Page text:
The wife of a museum worker believes increasing work pressure, staff cuts and bullying in the last 12 months of his job led to him jumping off a Hamilton bridge in view of his workplace, a coroner's inquest has been told.
Dr Raymond Mayes died in June last year, and his wife Julie wrote to the coroner to ask him to investigate whether the suspected suicide was linked to bullying during her husband's time as a science educator at the Hamilton City Council-operated Waikato Museum, a role he held for 12 years.
Mrs Mayes told coroner Wallace Bain in Hamilton today that her husband had been passionate about his job, but it had become extremely stressful in his last year as a result of council-wide budget cuts and a new museum director. Redundancies were made and staff resigned, which resulted in an increasingly heavy workload, she said.
Mrs Mayes said the 55-year-old did not have a history of depression and had never indicated he had planned to take his life. She said her husband was an "exceptional person" who had been "enthusiastic and excitable" in his work, and was both academic and physical with a love of camping, water skiing and tramping.
While he never used the word bullying to describe work, she said prior to his death he had said he was under extreme pressure and frustrated by the lack of funding. Mrs Mayes described it as an "increasingly toxic environment". By March last year, almost 50 per cent of museum staff had left.
At the start of 2013 his role changed from science educator to multi-disciplined educator as a result of the number of educators being reduced from three to two. His new role involved a Maori component, which resulted in him studying Te Reo in the evenings.
Former Waikato Museum curator for tangata whenua Moana Davey said at the time of the restructure staff were unhappy.
"I felt the educators were harassed, harangued and ambushed at this time."
She said it was unfair for Dr Mayes' new role to include tangata whenua when management was aware it was not his strength and he struggled with Maori words.
Senior Constable Garry Paton said Dr Mayes called police on his cell phone at 2.10am on Friday 21 June, 2013, to notify them there was a body under the Bridge St bridge just minutes from his office at the Waikato Museum.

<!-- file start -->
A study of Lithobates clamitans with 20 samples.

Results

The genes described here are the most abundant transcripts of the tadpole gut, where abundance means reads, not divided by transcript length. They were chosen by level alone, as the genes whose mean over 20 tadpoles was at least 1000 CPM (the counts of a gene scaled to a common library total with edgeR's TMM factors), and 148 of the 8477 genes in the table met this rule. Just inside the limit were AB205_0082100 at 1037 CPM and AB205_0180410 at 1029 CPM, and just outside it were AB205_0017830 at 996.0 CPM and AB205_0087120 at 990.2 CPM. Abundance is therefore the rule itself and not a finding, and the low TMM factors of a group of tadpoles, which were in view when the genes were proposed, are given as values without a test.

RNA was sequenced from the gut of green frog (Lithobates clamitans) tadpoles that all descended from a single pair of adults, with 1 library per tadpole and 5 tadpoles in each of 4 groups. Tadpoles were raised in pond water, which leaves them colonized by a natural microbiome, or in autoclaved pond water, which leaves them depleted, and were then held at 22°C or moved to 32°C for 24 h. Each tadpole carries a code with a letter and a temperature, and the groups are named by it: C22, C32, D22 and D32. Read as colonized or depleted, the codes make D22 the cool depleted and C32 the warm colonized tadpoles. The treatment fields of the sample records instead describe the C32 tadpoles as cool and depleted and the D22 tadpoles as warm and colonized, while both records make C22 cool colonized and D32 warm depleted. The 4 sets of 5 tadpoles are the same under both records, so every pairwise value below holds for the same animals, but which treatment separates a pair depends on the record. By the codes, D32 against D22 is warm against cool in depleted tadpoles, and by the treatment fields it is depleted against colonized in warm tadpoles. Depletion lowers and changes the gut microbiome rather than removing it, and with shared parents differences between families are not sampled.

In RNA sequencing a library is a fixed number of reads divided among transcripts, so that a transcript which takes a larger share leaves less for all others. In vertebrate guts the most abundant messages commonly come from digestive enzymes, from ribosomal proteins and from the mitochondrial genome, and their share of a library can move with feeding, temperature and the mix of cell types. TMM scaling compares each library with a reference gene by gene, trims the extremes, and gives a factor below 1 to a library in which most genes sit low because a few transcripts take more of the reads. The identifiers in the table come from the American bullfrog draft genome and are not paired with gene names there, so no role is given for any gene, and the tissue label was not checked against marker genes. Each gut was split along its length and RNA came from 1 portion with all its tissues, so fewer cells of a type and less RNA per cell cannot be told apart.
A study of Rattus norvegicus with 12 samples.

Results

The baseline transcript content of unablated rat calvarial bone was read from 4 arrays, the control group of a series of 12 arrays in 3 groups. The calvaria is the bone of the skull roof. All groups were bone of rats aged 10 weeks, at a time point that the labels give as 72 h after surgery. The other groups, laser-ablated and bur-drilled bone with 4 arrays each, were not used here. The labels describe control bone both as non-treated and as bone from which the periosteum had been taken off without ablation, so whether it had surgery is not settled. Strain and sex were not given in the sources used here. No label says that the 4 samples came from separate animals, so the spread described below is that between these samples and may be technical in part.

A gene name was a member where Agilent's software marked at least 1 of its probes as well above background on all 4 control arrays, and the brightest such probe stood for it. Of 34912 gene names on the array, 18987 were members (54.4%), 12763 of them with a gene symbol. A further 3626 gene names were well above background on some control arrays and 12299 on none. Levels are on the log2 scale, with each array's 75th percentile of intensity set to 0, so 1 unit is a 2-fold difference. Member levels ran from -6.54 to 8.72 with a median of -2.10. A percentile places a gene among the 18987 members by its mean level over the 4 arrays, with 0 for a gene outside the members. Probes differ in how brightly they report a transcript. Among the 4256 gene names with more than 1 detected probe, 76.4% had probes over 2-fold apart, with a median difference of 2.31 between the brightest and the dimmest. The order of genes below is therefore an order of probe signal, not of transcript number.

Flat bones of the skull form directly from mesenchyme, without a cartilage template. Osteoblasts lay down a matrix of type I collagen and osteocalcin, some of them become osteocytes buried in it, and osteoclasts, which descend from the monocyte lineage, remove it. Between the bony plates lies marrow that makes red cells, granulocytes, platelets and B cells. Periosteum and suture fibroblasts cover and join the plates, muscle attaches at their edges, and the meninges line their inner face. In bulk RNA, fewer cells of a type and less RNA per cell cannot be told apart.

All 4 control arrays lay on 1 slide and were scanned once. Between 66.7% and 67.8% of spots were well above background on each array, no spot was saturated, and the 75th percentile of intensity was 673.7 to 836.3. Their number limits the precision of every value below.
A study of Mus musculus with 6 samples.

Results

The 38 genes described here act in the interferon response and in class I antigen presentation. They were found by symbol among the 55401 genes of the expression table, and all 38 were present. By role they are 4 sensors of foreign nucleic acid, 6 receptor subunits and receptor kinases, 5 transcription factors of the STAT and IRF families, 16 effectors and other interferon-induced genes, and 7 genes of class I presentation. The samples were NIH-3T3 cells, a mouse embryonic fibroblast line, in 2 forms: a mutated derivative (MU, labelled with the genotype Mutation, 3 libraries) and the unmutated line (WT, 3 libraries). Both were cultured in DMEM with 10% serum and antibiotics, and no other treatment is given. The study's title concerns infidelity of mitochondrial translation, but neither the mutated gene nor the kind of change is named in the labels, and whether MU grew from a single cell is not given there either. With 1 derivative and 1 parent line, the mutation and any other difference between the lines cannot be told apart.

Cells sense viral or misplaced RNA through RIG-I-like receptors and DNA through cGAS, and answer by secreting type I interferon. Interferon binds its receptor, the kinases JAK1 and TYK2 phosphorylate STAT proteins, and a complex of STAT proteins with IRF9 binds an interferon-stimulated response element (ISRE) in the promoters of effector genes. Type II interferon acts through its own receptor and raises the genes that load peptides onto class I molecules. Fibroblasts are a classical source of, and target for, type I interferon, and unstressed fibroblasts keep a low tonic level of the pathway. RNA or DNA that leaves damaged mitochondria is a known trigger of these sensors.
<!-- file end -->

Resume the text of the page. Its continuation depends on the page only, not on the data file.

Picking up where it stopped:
When police arrived they found Dr Mayes' body, and on him was his cell phone, wallet and a letter to his wife and 18-year-old daughter Melissa.
In the suicide letter, Dr Mayes made no reference to bullying at work and instead referred to an issue with the water tanks at home, which had been replaced.
However Dr Mayes' doctor Dr Stewart Wells said it was his opinion that Dr Mayes was suffering from severe depression, although he had not treated Dr Mayes for depression.
However Hamilton City Council lawyer Mark Hammond said the council did not accept Dr Mayes was exposed to excessive stresses or that his workload had increased. He said Dr Mayes' new role did not require him to learn or teach in Te Reo and he argued the workload of the education team in the first two terms of 2013 was comparatively light.
Mr Hammond also pointed out that prior to his death, Dr Mayes' had things going on at home with his daughter moving into the university halls and his mother falling ill.
Council management also told the court the correct processes had been carried out during the restructure and there was no indication Dr Mayes was stressed or unhappy at work, and he had never complained about bullying.
In a submission to management on the proposal he said he supported the new structure apart from removing specialist fields for educators.
The inquest continues tomorrow.
Where to get help
• Lifeline: 0800 543 534
• Suicide Crisis Helpline: 0508 828 865
• Youth services: (06) 3555 906
• Youthline: 0800 376 633
• Kidsline: 0800 543 754 (4pm to 6pm weekdays)
• Whatsup: 0800 942 8787 (noon to midnight)
• The Word
• Depression helpline: 0800 111 757 (24-hour service)
• Rainbow Youth: (09) 376 4155
If it is an emergency and you feel like you or someone else is at risk, call 111.